In a young patient symptomatic from aspirin (salicylate) overdose, which one of the following is true?
a. Activated charcoal is ineffective b. Early symptoms are typically visual disturbance and haematemnesis c. Mitochondrial oxidative phosphorylation is stimulated d. Persistent respiratory alkalosis is a poor prognostic sign e. Salicylate elimination is increased at higher urinary pH
The answer is e. Urine alkalinisation (higher urine pH) enhances salicylate elimination through the kidney.
Salicylates (the active ingredient of aspirin) are markedly harmful in excess. Aspirin tablets often form concretions in the stomach which delay gastric absorption so that multiple doses or delayed administration of activated charcoal are still effective in reducing salicylate absorption.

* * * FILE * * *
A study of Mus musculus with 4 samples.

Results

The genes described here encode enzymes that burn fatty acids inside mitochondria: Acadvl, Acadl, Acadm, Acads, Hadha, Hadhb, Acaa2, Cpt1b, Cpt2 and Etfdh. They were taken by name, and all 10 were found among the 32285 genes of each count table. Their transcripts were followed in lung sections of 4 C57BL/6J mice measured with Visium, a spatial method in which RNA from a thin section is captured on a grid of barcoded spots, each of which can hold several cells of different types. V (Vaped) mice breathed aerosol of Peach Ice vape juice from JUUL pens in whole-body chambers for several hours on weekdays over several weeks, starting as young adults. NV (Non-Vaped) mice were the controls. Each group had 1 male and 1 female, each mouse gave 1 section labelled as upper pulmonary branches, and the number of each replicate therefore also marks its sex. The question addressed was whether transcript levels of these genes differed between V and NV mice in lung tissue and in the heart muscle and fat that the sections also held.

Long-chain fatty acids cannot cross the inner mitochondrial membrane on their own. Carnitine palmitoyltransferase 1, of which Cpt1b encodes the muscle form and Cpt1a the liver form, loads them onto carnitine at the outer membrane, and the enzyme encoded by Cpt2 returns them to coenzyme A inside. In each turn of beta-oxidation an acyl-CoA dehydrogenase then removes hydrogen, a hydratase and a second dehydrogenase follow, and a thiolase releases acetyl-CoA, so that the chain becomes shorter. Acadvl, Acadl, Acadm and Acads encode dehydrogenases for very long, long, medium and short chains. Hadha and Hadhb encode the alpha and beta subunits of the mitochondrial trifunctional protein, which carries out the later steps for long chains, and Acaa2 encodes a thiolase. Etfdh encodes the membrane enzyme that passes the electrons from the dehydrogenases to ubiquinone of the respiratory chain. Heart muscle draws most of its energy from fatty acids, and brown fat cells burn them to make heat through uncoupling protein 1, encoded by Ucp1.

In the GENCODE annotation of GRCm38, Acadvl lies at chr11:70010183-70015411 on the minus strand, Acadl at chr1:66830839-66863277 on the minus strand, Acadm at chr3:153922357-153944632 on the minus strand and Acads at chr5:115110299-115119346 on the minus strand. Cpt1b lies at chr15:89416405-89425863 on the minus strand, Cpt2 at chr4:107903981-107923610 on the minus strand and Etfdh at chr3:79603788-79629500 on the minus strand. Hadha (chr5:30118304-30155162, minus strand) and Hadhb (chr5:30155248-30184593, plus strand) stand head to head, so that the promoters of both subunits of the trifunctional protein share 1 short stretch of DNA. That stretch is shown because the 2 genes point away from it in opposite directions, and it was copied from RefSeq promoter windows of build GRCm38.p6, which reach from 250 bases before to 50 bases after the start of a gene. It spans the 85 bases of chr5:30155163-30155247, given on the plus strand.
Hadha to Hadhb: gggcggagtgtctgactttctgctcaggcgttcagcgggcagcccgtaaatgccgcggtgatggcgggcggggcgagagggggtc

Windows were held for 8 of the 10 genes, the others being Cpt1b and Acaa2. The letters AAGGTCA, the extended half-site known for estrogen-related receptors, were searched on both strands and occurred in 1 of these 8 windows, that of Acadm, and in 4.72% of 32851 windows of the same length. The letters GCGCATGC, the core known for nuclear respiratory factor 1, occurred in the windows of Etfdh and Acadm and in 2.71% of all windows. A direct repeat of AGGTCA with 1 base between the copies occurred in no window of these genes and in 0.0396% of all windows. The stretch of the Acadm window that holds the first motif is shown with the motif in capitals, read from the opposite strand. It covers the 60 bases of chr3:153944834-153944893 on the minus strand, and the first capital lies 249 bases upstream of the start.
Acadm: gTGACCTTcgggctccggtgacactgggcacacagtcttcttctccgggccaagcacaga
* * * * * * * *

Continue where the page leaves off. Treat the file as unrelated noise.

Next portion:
Early features of salicylate overdose include:
Tinnitus, dizziness, nausea and vomiting (haematemesis is uncommon)
Toxic amounts of salicylates stimulate the respiratory centres and early on give rise to hyperventilation and respiratory alkalosis on the blood gas.
Delayed features in moderate and severe toxicity
Agitation, pyrexia and sweating. Confusion, convulsions and coma may occur in life threatening overdoses.
uncoupling of mitochondrial oxidative phosphorylation, leading to anaerobic respiration and development of metabolic acidosis, a hallmark of serious poisoning.
Intracellular glucose depletion and hypokalaemia may also occur
Aspirin has a Pk (acid dissociation constant) value of 3.5. Alkalization of urine therefore keeps aspirin in ionized form which inhibits its tubular reabsorption and enhances its elimination in urine.
Treatment of salicylate overdose is therefore with activated charcoal, intravenous sodium bicarbonate to alkalinise the urine and in severe poisoning consider haemodialysis – all guided by serial salicylate levels.